By Ron Rolheiser
Our culture doesn’t give us easy permission to mourn. Its underlying ethos is that we move on quickly from loss and hurt, keep our griefs quiet, remain strong always, and get on with life.
But mourning is something that’s vital to our health, something we owe to ourselves. Without mourning our only choice is to grow hard and bitter in the face of disappointment, rejection, and loss. And these will always make themselves felt.
We have many things to mourn in life: We are forever losing people and things. Loved ones die, relationships die, friends move away, a marriage falls apart, a love we want but can’t have obsesses us, a dream ends in disappointment, our children grow away from us, jobs are lost, and so too one day our youth and our health. Beyond these many losses that ask for our grief there’s the need to grieve the simple inadequacy of our lives, the perfect symphony and consummation that we could never have. Like Jephthah’s daughter, all of us have to mourn our inconsummation.
How? How do we mourn so that our mourning is not an unhealthy self-indulgence but a process that restores us to health and buoyancy?
There’s no simple formula and the formula is different for everyone. Grieving, like loving, has to respect our unique reticence, what we’re comfortable with and not comfortable with. But some things are the same for all of us.
First, there’s the need to accept and acknowledge both our loss and the pain which with we’re left. Denial of either, loss or pain, is never a friend. The frustration and helplessness within which we find ourselves must be accepted, and accepted with the knowledge too that there’s no place to put the pain except, as Rilke says, to give it back to earth itself, to the heaviness of the oceans from which ultimately comes the saltwater which makes up our tears. Our tears connect us still to the oceans that spawned us.
Next, mourning is a process that takes time, sometimes a lot of time, rather than something we can achieve quickly by a simple decision. We cannot simply will our emotions back to health. They need to heal and healing is an organic process. What’s involved?
In many instances there’s the need to give ourselves permission to be angry, to rage for a time, to allow ourselves to feel the disappointment, loss, unfairness, and anger. Loss can be bitter and that bitterness needs to be accepted with honesty, but also with the courage and discipline to not let it have us lash out at others. And for that to happen, for us not to lay blame and lash out at others, we need help. All pain can be borne if it can be shared and so we need people to listen to us and share our pain without trying to fix it. Pride is our enemy here. We need the humility to entrust others to see our wound.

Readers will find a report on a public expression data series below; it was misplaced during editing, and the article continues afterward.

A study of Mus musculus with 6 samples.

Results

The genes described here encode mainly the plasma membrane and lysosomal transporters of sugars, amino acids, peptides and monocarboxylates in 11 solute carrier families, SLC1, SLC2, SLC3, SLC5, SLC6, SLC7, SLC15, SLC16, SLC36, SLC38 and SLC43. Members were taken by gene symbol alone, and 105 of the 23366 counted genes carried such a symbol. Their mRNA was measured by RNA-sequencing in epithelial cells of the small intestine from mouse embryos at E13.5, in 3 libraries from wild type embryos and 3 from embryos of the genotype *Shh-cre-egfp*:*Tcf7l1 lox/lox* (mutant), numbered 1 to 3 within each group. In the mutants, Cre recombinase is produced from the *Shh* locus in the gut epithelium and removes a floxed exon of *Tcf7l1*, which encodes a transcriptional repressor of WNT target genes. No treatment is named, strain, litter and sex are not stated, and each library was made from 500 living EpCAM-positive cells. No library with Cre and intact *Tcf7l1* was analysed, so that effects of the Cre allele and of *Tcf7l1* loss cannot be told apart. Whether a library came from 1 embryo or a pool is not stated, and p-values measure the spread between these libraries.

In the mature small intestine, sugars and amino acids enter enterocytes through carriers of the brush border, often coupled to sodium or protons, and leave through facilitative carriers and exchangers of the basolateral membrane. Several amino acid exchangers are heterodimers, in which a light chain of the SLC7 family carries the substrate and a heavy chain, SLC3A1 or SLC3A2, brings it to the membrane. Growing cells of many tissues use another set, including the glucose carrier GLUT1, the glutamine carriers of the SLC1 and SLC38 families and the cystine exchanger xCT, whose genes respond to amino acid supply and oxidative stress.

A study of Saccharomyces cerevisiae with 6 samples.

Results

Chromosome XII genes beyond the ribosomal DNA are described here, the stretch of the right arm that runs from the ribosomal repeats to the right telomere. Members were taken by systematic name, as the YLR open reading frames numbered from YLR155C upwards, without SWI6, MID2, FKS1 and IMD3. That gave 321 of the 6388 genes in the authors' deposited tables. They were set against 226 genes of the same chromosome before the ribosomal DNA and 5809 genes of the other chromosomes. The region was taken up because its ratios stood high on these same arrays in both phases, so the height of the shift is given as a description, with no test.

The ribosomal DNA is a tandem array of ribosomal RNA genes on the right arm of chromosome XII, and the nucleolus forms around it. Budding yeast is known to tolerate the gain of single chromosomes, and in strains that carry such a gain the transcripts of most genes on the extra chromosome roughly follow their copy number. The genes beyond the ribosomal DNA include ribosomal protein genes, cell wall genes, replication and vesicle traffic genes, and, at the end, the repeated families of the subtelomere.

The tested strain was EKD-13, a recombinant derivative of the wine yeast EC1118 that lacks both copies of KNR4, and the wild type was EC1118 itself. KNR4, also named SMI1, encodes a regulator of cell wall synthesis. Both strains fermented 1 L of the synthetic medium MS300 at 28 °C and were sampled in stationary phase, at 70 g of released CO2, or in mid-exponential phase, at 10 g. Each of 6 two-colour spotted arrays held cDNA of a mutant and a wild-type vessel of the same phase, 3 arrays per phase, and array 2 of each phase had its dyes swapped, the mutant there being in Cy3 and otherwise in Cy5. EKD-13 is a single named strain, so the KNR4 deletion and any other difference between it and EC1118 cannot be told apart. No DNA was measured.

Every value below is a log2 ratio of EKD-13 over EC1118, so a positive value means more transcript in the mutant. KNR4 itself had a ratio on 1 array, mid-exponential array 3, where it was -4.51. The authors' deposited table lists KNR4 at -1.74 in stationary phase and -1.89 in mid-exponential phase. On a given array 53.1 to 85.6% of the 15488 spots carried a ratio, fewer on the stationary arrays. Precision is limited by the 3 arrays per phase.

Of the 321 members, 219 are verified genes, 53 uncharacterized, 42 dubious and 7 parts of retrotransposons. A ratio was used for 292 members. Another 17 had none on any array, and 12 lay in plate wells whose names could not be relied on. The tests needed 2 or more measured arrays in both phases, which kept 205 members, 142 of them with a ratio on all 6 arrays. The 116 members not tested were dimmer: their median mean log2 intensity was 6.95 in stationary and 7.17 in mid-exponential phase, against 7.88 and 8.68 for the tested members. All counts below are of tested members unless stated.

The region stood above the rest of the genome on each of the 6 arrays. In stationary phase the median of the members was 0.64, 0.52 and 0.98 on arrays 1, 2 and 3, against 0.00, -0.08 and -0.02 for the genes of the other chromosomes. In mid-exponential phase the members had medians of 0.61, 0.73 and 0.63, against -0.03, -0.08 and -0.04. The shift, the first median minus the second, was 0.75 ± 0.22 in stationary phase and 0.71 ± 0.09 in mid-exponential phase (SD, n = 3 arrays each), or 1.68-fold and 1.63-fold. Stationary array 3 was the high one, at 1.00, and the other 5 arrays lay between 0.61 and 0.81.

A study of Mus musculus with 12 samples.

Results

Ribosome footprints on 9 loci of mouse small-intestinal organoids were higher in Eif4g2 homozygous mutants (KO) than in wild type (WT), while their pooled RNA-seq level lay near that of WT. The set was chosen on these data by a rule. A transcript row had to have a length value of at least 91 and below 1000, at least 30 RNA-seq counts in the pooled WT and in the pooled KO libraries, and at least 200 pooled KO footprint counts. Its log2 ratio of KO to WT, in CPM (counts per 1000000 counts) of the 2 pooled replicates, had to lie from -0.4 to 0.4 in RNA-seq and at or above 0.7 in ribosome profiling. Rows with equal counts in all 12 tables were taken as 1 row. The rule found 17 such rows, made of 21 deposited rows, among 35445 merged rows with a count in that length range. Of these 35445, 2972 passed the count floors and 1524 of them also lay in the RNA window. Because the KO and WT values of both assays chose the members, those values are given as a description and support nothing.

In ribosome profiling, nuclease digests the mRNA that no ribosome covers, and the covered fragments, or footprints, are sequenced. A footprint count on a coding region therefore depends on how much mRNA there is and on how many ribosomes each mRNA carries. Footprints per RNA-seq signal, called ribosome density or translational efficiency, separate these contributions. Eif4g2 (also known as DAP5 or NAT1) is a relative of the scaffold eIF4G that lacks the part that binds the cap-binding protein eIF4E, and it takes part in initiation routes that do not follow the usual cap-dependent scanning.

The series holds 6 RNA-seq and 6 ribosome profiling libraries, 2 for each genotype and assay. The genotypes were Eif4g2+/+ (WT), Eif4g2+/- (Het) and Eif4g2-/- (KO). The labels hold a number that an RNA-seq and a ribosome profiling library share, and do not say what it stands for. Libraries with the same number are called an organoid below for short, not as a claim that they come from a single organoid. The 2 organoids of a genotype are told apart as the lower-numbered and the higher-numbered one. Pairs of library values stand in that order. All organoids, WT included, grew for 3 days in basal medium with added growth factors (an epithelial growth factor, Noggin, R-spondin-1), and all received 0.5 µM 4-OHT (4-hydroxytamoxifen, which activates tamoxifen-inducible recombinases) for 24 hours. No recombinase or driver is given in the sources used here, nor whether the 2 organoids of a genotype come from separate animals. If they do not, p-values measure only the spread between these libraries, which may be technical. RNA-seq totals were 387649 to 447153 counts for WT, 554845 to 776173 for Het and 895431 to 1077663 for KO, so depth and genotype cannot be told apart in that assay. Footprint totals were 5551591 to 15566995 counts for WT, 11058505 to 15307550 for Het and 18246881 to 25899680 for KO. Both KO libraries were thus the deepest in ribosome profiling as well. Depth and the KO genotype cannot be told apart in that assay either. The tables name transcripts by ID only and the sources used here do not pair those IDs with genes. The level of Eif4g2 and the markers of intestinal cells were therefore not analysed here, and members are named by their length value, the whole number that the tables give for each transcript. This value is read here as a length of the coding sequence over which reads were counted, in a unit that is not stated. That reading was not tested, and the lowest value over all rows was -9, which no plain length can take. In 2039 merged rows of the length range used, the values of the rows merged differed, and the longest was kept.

Finally, not least, we need patience, long-suffering, perseverance. Mourning can’t be rushed. The healing of soul, like the healing of body, is an organic process with its own non-negotiable timetable for unfolding. But this can be a major test of our patience and hope. We can go through long periods of darkness and grief where nothing seems to be changing, the heaviness and the paralysis remain, and we’re left with the feeling that things will never get better, that we will never find lightness of heart again. But grief and mourning call for patience, patience to stay the course with the heaviness and the helplessness. The Book of Lamentations tells us that sometimes all we can do is put our mouths to the dust and wait. The healing is in the waiting.
Henri Nouwen was a man very familiar with mourning and loss. An over-sensitive soul, he sometimes suffered depressions and obsessions that left him emotionally paralyzed and seeking professional help. On one such occasion, while working through a major depression, he wrote his deeply insightful book, The Inner Voice of Love. There he gives us this advice: “The great challenge is living your wounds through instead of thinking them through. It is better to cry than to worry, better to feel your wounds deeply than to understand them, better to let them enter into your silence than to talk about them. The choice you face constantly is whether you are taking your hurts to your head or to your heart. In your head you can analyze them, find their causes and consequences, and coin words to speak and write about them. But no final healing is likely to come from that source. You need to let your wounds go down into your heart. Then you can live them through and discover that they will not destroy you. Your heart is greater than your wounds.”
We are greater than our wounds. Life is greater than death. God’s goodness is greater than all loss. But mourning our losses is the path to appropriating those truths.